By Anthony Bahr, Vice President
In 2018, Strategex conducted dozens of customer due diligence engagements on behalf of private equity and strategic buyers. While all of these engagements were designed to mitigate customer concentration risk and provide insights to accelerate post-close value creation, roughly half included additional objectives to determine the impact that tariffs may have on a deal.
Based on thousands of in-depth interviews with B2B decision makers, we have observed five ways that tariffs are impacting M&A deals and portfolio management strategies.
Tariffs can be more disruptive for a company than category-level market research might suggest
When asked whether they think category-wide demand for a product will increase or decrease, customers tend to be quite bullish. Customers virtually always suggest increased short-term demand. However, when customers are asked if spend for the same product with a specific target company will increase or decrease, they are often more bearish.
While tariffs do not (yet) appear to be a drag on macro demand, they clearly have the potential to heavily influence share of wallet allocation. If customers are paying more for a product as the result of tariffs, they are likely to be more discerning about the suppliers from which they source, and will favor those with a stronger value proposition.
Willingness of customers to absorb tariffs is highly dependent on the strength of the relationship
Companies with an above-average Net Promoter Score® — a metric which quantifies customer loyalty — are better positioned to pass on the cost of tariffs to customers. This is because “Promoters” (those who are loyal to a company) are often able to justify a price increase given the incremental value they realize beyond the product itself. Conversely, “Detractors” (those who are not loyal to a company) tend to be far less likely to absorb the cost of tariffs and, if prices are increased, are at a heightened risk of shifting wallet share to a lower-priced competitor.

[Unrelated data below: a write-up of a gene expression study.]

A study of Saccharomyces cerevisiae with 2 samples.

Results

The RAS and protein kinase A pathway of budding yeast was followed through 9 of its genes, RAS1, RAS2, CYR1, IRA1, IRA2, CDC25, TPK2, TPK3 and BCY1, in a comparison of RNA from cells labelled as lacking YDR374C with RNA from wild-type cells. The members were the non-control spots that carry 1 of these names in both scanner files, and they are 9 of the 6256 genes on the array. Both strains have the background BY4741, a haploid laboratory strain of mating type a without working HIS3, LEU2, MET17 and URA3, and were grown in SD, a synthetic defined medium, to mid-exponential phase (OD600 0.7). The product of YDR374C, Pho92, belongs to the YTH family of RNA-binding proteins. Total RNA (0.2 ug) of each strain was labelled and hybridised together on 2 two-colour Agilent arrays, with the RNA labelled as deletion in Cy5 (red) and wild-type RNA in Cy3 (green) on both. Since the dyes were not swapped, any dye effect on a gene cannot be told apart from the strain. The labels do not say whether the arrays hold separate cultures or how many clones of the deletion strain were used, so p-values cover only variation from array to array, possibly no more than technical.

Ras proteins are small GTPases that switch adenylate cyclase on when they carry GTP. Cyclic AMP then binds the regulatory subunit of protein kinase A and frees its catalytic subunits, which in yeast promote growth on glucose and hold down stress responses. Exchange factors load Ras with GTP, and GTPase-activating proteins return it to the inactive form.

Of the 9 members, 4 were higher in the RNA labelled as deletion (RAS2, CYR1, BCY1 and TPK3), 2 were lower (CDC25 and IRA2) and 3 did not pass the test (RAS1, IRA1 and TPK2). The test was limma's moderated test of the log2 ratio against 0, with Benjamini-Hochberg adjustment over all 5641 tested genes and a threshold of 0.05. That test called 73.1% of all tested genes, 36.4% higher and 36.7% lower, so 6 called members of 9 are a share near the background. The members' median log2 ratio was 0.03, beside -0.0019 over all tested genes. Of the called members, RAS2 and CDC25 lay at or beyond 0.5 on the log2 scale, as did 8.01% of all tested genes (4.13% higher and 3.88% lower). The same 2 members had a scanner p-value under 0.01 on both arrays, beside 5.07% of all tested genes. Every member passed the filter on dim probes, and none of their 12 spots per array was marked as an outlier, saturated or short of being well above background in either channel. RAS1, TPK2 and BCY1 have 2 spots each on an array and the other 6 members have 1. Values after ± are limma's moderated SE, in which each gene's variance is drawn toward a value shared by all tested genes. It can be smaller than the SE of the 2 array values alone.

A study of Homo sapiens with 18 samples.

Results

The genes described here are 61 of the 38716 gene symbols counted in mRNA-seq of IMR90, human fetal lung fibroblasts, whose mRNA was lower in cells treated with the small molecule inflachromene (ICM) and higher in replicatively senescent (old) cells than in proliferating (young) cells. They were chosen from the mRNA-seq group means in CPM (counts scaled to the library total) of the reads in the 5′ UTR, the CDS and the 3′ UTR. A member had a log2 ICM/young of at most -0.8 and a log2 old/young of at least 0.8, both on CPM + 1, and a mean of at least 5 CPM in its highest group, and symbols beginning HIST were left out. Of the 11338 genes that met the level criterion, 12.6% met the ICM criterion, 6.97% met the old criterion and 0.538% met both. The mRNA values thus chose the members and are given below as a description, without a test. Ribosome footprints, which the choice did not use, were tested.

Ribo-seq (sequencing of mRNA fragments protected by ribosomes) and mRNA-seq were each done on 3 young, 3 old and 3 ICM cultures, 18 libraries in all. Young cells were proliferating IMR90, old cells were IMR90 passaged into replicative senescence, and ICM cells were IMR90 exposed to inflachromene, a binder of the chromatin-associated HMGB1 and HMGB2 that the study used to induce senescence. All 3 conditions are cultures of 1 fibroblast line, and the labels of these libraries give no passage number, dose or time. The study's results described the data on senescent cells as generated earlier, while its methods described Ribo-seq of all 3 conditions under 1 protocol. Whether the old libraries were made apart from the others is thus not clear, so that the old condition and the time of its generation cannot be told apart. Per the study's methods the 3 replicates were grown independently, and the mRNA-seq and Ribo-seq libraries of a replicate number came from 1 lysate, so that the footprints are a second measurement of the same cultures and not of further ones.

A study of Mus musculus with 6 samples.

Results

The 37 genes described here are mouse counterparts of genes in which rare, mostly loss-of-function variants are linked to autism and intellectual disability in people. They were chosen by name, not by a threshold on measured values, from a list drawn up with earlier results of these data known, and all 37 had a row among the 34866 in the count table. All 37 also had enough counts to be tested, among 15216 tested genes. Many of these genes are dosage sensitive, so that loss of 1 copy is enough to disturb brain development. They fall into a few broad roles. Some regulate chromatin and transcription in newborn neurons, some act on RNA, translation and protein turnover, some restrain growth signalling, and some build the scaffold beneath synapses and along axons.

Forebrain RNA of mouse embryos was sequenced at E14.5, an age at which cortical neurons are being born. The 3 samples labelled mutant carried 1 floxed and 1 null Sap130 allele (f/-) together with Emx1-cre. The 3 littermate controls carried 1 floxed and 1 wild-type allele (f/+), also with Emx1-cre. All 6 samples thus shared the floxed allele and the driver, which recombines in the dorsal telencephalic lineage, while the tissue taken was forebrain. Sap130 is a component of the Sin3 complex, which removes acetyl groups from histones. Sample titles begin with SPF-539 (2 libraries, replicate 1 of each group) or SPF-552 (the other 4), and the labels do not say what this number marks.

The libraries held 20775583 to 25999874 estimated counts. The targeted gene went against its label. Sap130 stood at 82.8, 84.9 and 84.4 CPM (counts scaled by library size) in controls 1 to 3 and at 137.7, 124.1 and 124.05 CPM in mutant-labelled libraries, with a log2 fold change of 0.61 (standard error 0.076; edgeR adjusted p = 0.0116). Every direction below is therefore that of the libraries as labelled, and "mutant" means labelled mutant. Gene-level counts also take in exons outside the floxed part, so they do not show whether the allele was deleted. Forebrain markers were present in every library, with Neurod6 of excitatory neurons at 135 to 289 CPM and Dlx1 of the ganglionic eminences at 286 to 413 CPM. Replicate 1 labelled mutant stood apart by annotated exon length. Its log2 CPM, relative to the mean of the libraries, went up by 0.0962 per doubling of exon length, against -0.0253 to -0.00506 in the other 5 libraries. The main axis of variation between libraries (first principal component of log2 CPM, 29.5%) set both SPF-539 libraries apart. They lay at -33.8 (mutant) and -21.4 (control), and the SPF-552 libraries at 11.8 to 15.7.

Tariffs are leading some companies to compete on Customer Experience rather than on price
Companies that have been historically differentiated by price are quickly realizing that they need to reposition and establish new competitive advantages. One highly effective approach has been to focus on Customer Experience. Companies that have mapped the pre- and post-sale customer journey –and have developed strategies to ‘surprise and delight’ customers at each of the major touchpoints along the journey – are successfully protecting themselves from the impact of tariffs. They are also experiencing a substantial return on their investment by sustaining premium prices, capturing a greater share of wallet, and acquiring new customers.
Companies that only grant tariff-related concessions to the “critical few” are more profitable
Companies are being pressed like never before for lower prices and more favorable terms. Post-close, management tends to be quick to grant concessions out of concern for retaining the revenue base. However, when concessions are made for all customers, even relatively small customers, revenue retention almost always results in a drag on EBITDA. Segmenting customers based on the 80/20 rule and only granting concessions to the 20% of customers (the “critical few”) which generate 80% of revenue is a more fair and sustainable methodology for making these decisions. Offering concessions to the 80% of customers (the “insignificant many”) that drive 20% of revenue opens the door to a downward spiral of financial losses.
Tariffs have accelerated ‘Manufacturing 4.0’ implementation
In the manufacturing space, tariffs have led many companies to accelerate the exploration or implementation of Manufacturing 4.0 initiatives. Specifically, these companies are looking to increase their reliance on automation as a way to not only deliver faster, but also to offset price increases through less of a reliance on human capital. For growth equity investors, companies seeking to implement Manufacturing 4.0 are becoming highly sought-after given the significant capital expense to implement on a meaningful scale.